I am not a fighter; I am not a soldier. I would never have enlisted in the military because it just wasn’t my thing; my choice. But, I support our troops, even if I, at times, don’t support the war they are fighting, and that is a distinct difference.
Still, I wish our government supported our troops, and not just when the time comes to ship them off to a war zone, but when they come home, bruised, battered, limbless, suffering from PTSD; support them.
But, and this galls me even more, what about supporting our LGBT men and women in the armed forces when they come home, because our government does not, and they just voted last week to clearly state they will not support same-sex couples who happen to be veterans of the United States military.
It’s basically: Go ahead and fight for me, and die for me, but if you come home, and you’re gay and you get legally married, you will be denied benefits because, well, gay.
Last week an amendment that would have ensured that veterans in same-sex marriages would have access to certain spousal benefits wherever they live, regardless of that state’s laws regarding marriage equality, failed, even though eight Republicans joined Democrats in voting for the measure.
As it stands now, US code for veterans benefits looks to the state where the veteran resides, and not the state where the veteran was married, to determine whether a couple is legally wed, even though, and let’s be queer, these couples are married, legally, in the eyes of the federal government in all other rights, benefits and privileges, no matter where they live, but based on where they were married.
Worse yet, despite the Supreme Court ruling against the Defense of Marriage Act [DOMA], the Obama administration determined it couldn’t afford veterans spousal benefits to married same-sex couples living in states without marriage equality, even though the administration found a way to allow some benefits; it does not offer ChampVA [health care for spouses of disabled veterans], higher disability compensation for disabled veterans with dependents, full access to VA home loans and many survivor benefits for widows. And these benefits are denied the men and women who selflessly served our country because we do not have nationwide marriage equality.
Now, let’s take a moment to cheer those eight Republicans who voted for the amendment:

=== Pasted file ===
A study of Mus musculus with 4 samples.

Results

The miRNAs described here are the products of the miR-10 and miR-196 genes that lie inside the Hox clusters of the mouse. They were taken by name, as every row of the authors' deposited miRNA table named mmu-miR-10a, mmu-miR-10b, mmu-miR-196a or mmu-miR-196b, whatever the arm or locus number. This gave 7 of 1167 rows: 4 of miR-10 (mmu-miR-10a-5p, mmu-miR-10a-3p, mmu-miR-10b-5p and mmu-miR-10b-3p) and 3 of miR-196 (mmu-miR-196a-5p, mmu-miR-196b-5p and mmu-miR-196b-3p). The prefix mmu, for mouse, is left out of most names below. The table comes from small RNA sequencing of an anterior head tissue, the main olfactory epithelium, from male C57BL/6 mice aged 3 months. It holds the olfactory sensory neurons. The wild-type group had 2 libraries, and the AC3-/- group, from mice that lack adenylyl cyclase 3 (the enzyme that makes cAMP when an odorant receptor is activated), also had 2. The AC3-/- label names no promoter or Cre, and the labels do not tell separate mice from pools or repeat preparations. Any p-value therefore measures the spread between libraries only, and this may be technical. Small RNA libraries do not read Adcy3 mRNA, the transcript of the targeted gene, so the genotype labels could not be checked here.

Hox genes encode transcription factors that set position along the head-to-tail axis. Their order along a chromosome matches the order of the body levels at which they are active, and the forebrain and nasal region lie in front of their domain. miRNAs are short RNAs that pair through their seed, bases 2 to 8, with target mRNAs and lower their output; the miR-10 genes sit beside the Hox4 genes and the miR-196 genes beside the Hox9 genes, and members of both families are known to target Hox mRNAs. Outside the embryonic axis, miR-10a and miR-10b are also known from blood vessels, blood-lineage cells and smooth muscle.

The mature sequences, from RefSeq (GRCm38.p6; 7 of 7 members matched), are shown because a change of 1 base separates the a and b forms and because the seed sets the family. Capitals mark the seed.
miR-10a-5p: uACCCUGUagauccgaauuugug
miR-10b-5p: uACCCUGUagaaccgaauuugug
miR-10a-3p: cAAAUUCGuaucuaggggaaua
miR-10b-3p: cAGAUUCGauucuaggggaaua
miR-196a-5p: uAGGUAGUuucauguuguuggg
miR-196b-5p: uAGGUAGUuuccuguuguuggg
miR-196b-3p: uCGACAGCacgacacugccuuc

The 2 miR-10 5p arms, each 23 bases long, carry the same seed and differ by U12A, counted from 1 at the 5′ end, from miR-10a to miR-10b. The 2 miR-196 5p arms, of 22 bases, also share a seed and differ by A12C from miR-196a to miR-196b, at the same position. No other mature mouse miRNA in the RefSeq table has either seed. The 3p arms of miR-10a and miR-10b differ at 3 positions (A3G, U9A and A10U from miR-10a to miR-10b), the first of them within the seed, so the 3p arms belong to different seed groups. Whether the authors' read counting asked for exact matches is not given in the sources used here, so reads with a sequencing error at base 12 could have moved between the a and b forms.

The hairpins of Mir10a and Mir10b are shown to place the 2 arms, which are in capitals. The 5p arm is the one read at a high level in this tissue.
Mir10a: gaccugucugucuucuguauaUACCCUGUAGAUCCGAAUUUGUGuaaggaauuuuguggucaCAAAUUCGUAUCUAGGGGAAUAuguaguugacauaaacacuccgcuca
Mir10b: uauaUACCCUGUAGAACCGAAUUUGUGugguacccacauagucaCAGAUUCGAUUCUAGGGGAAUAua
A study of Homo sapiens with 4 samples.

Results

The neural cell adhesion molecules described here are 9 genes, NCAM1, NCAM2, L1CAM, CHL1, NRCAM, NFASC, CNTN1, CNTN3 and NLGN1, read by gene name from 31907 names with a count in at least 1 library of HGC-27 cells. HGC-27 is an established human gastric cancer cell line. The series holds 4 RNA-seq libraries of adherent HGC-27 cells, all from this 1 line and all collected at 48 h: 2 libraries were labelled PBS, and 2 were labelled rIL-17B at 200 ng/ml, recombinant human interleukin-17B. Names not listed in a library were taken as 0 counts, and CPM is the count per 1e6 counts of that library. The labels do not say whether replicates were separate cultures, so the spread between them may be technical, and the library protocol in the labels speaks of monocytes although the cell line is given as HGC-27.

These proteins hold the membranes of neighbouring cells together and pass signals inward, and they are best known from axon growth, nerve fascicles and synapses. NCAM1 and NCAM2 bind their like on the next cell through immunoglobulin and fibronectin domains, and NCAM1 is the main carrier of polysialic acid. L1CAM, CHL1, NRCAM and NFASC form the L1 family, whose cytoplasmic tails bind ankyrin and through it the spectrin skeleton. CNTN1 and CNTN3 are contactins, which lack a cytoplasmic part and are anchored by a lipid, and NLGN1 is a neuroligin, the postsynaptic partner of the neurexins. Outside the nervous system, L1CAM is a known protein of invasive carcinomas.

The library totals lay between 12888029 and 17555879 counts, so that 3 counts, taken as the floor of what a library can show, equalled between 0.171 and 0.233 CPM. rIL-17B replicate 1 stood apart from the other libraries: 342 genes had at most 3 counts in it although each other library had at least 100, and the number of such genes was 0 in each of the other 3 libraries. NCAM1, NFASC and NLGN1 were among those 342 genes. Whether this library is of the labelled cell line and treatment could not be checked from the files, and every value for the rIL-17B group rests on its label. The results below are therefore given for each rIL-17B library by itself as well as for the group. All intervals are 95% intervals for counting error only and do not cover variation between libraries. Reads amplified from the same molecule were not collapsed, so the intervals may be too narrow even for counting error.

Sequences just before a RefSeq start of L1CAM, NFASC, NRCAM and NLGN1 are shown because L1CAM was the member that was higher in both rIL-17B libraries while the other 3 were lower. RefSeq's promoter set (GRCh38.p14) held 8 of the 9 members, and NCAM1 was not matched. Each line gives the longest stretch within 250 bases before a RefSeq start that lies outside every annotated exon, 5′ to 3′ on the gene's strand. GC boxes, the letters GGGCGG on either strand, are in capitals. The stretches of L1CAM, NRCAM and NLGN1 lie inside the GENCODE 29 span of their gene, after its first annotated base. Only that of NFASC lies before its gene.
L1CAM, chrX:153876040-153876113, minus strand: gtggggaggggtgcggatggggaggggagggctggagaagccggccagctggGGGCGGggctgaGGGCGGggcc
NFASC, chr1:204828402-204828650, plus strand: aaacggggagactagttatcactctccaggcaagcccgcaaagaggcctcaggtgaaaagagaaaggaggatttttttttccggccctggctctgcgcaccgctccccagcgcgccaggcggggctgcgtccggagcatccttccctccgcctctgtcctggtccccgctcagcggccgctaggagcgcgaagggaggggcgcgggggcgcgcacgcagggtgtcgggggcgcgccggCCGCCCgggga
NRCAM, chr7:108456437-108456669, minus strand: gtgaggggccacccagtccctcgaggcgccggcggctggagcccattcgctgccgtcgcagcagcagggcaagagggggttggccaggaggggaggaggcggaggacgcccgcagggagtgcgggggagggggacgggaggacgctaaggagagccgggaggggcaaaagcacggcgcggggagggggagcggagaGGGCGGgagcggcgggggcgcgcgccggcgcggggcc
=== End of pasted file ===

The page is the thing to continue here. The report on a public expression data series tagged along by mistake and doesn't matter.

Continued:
Senator Kelly Ayotte of New Hampshire
Senator Shelley Moore Capito of West Virginia
Senator Susan Collins of Maine
Senator Ron Johnson of Wisconsin
Senator Mark Kirk of Illinois
Senator Lisa Murkowski of Alaska
Senator Jeff Flake of Arizona
Senator Rob Portman of Ohio
And let’s take more than a moment to realize that Senators Ted Cruz and Rand Paul, running for President, voted against the amendment, and that Senator Lindsey Graham, who just loves sending soldiers to war, didn’t even bother to vote; Senator Marco Rubio also failed to vote.
Senator Jeanne Shaheen, the Democrat from New Hampshire, who introduced the measure said, after the vote:
“It’s tremendously disappointing that the Senate would quietly vote to deny important benefits for those who have served our country in uniform and their families. Veterans served their country bravely, and yet some are deprived of the very rights they risked their lives to protect. The impact of this discrimination is real. Monthly benefits are less; spouses and children are not eligible for medical care at the VA; and families are not eligible for the same death benefits. While I am disappointed, I am also resolved to continue fighting to make sure that all veterans get the benefits they’ve earned regardless of who they love or where they live.”
We ask these men and women to protect us, both here and abroad, but when they come home, we deny them the same rights and privileges they are protecting, just because they happen to be gay.
If for no other reason, this is why we need full marriage equality in every square inch of this country.